The Dodgers summoned Kenta Maeda in the eighth inning Tuesday night with an unenviable task. The heart of the Colorado Rockies’ lineup waited in a tie game. One mistake could have cost the Dodgers first place.
First up was Nolan Arenado, an MVP candidate. Three pitches, three strikes. Next came Matt Holliday. Three pitches, three strikes.
Ian Desmond followed. Maeda stumbled, finally, and threw a ball to begin the at-bat. Then the right-hander struck out Desmond with the next three pitches. The near-immaculate summary: 10 pitches, nine strikes, three strikeouts. He unleashed a yell as he walked off the mound.
Dodger Stadium was rocking.
Twenty-four hours later, pitching on consecutive days for the first time this season, Maeda struck out the first two batters he faced in the eighth inning before Arenado poked a 58-mph single to shallow right field.
The hit ended Maeda’s night, as Scott Alexander was called in to get the third out. Maeda threw 10 pitches, and the Dodgers won both games as he continued looking like the elite high-leverage reliever the Dodgers need.
“We’re betting on it,” manager Dave Roberts said after the Dodgers’ 3-2 win.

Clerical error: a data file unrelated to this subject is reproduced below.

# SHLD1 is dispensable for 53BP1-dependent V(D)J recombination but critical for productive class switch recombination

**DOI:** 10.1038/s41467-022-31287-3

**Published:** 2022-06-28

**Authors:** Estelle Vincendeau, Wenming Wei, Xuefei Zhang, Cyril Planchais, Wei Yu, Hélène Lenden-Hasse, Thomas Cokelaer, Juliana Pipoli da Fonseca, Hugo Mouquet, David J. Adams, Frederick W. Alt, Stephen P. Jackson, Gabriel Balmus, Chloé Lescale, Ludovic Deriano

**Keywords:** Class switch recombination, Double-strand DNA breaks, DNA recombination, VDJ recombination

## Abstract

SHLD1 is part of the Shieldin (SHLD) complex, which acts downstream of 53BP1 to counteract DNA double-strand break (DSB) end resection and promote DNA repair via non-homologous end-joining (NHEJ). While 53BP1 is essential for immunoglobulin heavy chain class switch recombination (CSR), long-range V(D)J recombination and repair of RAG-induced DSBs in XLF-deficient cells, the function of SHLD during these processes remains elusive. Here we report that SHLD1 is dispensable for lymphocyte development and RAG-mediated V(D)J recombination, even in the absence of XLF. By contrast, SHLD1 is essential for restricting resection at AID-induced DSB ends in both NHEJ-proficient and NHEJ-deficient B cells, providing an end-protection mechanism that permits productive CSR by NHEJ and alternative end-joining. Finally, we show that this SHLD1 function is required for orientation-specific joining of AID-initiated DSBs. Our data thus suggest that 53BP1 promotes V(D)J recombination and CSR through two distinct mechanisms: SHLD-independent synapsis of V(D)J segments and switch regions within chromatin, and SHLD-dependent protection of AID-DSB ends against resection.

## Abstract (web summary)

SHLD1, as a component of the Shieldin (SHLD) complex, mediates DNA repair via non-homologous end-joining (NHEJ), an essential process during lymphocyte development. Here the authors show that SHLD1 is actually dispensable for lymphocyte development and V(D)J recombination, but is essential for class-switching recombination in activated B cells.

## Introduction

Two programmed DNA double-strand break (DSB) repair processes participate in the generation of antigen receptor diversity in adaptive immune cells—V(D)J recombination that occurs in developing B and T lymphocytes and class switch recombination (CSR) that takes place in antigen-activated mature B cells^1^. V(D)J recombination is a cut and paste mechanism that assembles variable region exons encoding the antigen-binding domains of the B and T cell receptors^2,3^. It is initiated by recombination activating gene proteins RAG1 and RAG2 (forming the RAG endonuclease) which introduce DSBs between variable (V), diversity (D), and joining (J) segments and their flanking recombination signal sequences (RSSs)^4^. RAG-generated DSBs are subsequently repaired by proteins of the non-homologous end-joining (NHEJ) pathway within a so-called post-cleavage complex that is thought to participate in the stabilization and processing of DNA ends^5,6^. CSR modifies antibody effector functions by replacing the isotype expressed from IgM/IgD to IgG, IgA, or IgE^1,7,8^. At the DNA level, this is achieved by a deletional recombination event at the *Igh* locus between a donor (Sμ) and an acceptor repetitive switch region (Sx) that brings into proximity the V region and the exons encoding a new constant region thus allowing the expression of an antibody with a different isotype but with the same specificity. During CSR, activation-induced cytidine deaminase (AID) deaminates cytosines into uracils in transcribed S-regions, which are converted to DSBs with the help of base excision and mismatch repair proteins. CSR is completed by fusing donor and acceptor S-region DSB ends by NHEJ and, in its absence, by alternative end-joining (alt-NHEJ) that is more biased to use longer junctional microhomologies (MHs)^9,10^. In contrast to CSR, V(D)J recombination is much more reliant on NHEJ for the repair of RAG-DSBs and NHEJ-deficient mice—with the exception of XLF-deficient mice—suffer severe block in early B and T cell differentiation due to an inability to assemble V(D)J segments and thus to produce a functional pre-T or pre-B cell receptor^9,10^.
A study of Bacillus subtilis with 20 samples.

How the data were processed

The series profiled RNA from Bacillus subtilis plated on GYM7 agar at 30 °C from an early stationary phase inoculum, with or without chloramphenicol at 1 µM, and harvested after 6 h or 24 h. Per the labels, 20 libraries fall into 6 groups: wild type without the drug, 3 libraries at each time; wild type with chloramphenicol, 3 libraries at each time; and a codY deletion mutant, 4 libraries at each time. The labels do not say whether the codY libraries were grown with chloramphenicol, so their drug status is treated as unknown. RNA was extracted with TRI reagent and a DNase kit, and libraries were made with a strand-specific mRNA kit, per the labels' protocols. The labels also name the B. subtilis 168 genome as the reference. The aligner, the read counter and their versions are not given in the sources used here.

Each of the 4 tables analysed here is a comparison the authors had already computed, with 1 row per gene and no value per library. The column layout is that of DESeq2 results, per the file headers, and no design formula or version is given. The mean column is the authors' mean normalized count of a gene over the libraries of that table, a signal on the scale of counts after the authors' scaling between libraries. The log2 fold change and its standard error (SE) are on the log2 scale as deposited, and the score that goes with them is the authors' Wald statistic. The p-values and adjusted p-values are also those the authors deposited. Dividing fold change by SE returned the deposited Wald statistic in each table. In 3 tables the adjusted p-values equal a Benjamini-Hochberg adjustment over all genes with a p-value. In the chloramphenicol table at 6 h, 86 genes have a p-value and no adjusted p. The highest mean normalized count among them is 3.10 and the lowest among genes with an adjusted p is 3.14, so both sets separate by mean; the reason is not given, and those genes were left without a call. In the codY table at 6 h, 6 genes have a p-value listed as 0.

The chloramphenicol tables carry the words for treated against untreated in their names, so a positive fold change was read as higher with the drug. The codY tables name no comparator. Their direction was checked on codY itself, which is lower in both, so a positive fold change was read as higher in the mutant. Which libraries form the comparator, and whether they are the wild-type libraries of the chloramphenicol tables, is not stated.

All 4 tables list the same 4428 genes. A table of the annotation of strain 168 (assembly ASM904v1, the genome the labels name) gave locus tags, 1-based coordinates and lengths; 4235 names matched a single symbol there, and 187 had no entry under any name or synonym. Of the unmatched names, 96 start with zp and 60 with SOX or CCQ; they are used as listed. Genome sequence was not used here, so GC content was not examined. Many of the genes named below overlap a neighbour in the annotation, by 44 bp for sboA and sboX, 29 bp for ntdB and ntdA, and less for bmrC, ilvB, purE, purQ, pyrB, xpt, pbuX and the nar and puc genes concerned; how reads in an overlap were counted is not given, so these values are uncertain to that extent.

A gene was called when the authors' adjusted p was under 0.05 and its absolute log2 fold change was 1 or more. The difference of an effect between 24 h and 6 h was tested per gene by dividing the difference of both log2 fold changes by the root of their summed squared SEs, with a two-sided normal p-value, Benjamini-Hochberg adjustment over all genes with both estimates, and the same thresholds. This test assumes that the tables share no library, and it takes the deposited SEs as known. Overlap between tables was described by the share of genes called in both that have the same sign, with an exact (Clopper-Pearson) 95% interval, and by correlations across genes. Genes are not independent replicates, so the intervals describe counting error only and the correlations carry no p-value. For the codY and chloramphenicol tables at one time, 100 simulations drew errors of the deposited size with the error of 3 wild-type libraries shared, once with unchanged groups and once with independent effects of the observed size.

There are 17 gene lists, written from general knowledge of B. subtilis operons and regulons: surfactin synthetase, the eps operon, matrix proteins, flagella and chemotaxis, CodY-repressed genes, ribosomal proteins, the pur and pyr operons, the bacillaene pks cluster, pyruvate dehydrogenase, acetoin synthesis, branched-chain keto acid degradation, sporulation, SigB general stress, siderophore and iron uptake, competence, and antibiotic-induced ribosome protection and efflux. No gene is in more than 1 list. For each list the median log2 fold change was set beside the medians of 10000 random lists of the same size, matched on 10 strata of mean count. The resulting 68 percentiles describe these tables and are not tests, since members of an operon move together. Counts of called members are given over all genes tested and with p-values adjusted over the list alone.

Roberts explained having the 30-year-old Maeda excel as a reliever in time for the postseason was the objective since they removed him from the rotation for another stint in the bullpen in mid-August. The returns were shaky before Tuesday. Maeda had given up six earned runs across 112/3 innings and runs in five of his 10 relief appearances since the shift. But he was untouchable Tuesday with a deadly fastball-slider combination.
“I came out more aggressive,” Maeda said through an interpreter. “Me knowing that the game was on the line, I want to go out there and prove I can pitch in those situations.”
Maeda isn’t a bullpen novice. He made four relief appearances last season before becoming an invaluable weapon during the playoffs. Maeda gave up one run in 102/3 innings over nine outings during the Dodgers’ run to the World Series. Tuesday suggested Maeda can pitch at that level again.
“Obviously, in the ’pen, [that’s] the best we’ve seen him,” Roberts said. “It’s still that transition he’s trying to get used to. But as far as the conviction with the fastball, attacking hitters, and that slider, with the depth, we had him go against their best and it was really exciting to see. It was great to see him that emotional.”